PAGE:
By Taylor Mullaney
When Ryan Hoch started teaching Algebra II in St. Louis five years ago, he found that his students were vastly unprepared for the futures they wanted.
“When they got to my class their junior year, 90 percent of my students told me that they wanted to go to college,” Hoch said. “They had specific universities in mind, like [Missouri], [Saint Louis University], WashU, different schools that were tough to get into. But then their average ACT was a 15, and the average GPA was a 2.5.”
With that problem in mind, Hoch founded Overgrad, an online college preparation platform, in 2013. Overgrad allows students to track their progress toward college requirements by creating personal profiles.
Students can choose universities to “follow” and compare their own GPA, test scores and courses with specific requirements for universities they hope to attend. Ideally, students then know if they are behind or on track and can effectively tailor their high school years to reach their goals.
Now in its second year of operation, Overgrad is unique among educational technology companies for its economic model. While most ed tech companies generate revenue by pitching to schools and districts, Overgrad depends on colleges and universities for its profits. In turn, those colleges get a recruitment tool for students whom they might not otherwise reach, and Overgrad remains free for high schools to use.
According to Hoch, that unique funding model allows Overgrad to focus on more rural schools in Illinois, as it is not dependent on funding from large school districts.
“Especially if you’re a start up, it’s hard to go after communities that are that small because it just doesn’t matter that much to your bottom line,” Hoch said. “But if universities want to continue to grow, they’re going to have to be better at getting rural America to go on to four-year universities.”
According to Hoch, Overgrad now has 26,000 student users in Illinois, and nine universities have signed on. Hoch said it is difficult to measure success thus far because freshmen and sophomores started using the platform in fall 2013, but once those students graduate, Overgrad will gain anecdotal and statistical evidence to determine if its model is working. In the meantime, the platform can afford to market to rural areas, and Hoch said those communities bolster Overgrad’s growth.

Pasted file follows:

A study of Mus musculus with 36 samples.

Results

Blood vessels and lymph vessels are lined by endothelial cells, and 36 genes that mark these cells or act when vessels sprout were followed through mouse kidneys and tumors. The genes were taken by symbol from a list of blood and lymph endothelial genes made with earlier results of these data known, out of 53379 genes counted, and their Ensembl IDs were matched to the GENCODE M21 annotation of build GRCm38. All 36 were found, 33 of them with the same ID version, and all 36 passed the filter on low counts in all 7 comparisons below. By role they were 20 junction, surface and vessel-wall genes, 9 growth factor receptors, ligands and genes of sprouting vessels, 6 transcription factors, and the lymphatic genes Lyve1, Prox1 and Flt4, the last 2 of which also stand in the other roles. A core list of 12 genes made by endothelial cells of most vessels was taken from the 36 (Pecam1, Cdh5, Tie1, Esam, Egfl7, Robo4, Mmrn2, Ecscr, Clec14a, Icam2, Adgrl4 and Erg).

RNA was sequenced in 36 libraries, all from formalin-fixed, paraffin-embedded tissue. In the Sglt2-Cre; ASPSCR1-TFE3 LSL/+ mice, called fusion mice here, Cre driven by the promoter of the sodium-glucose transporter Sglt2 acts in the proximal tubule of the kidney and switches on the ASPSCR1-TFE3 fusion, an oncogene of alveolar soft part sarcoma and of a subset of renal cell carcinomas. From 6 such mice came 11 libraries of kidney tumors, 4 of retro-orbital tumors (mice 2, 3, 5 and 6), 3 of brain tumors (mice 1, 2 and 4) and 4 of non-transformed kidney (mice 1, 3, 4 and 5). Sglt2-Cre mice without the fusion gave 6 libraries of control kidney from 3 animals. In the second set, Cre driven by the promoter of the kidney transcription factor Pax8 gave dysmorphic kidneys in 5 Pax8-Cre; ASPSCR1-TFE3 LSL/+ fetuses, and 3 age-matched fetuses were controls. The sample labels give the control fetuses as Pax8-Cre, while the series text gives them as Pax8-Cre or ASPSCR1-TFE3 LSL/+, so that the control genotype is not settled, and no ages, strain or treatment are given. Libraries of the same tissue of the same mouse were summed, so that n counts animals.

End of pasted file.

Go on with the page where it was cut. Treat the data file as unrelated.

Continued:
Rochester High School, located outside Springfield, Illinois, started using Overgrad in the fall of 2013 for nearly 400 students.
Nick Bond, the school’s freshman and sophomore guidance counselor, said Overgrad offered his students a wealth of information—and it was an easy sell to his administration on Overgrad since it’s free for the school. Bond said the program has fostered a dialogue about college prep among students.
“You hear it at lunch times now, and in the hallways,” Bond said. “And you hear freshmen and sophomores talking about [college], which typically would never be talked about until senior year…they’re seeing at least the tie in between what they’re doing in high school and the pay off.”
Bond added that he hopes Overgrad will be implemented at the junior high school for eighth graders in the near future.
Overgrad’s presence also extends to some urban centers. In Chicago, OneGoal, an initiative to help students from low-income communities matriculate through high school and college, has started using Overgrad by integrating it into its college readiness curriculum.
Kylie Vadnais, OneGoal’s senior director of design and innovation, said Overgrad aligns well with OneGoal’s mission.
“Something to help students track their own progress and growth had come up in conversations,” Vadnais said. “If we’re really committed to serving underperforming students, and we also want them to go to good schools, we need to make sure they’re seeing growth…and Overgrad is facilitating that.”
Vadnais said she thinks understanding academic goals and resources has been crucial to Overgrad’s success.
“I think they really understood the position that schools are in, where they can’t put money toward something like this, but that it’s hugely beneficial for students,” Vadnais said.
In the future, Hoch said he hopes Overgrad will expand into career readiness. He said incorporating career standards would enable students to track progress not only toward higher education, but also toward pursuits like joining the military or working for a company.
For now, Hoch continues his work to close the gap between students’ performance and the stark reality of what it will take for them to achieve their college dreams.
“It basically puts the control in kids’ hands, so they’re not going to be stuck with the consequences of the information their school district gives them, consequences of their community, consequences of their university,” Hoch said. “We can show them what they need, and if they’re not getting that level of education, they can hold their institution accountable for it.”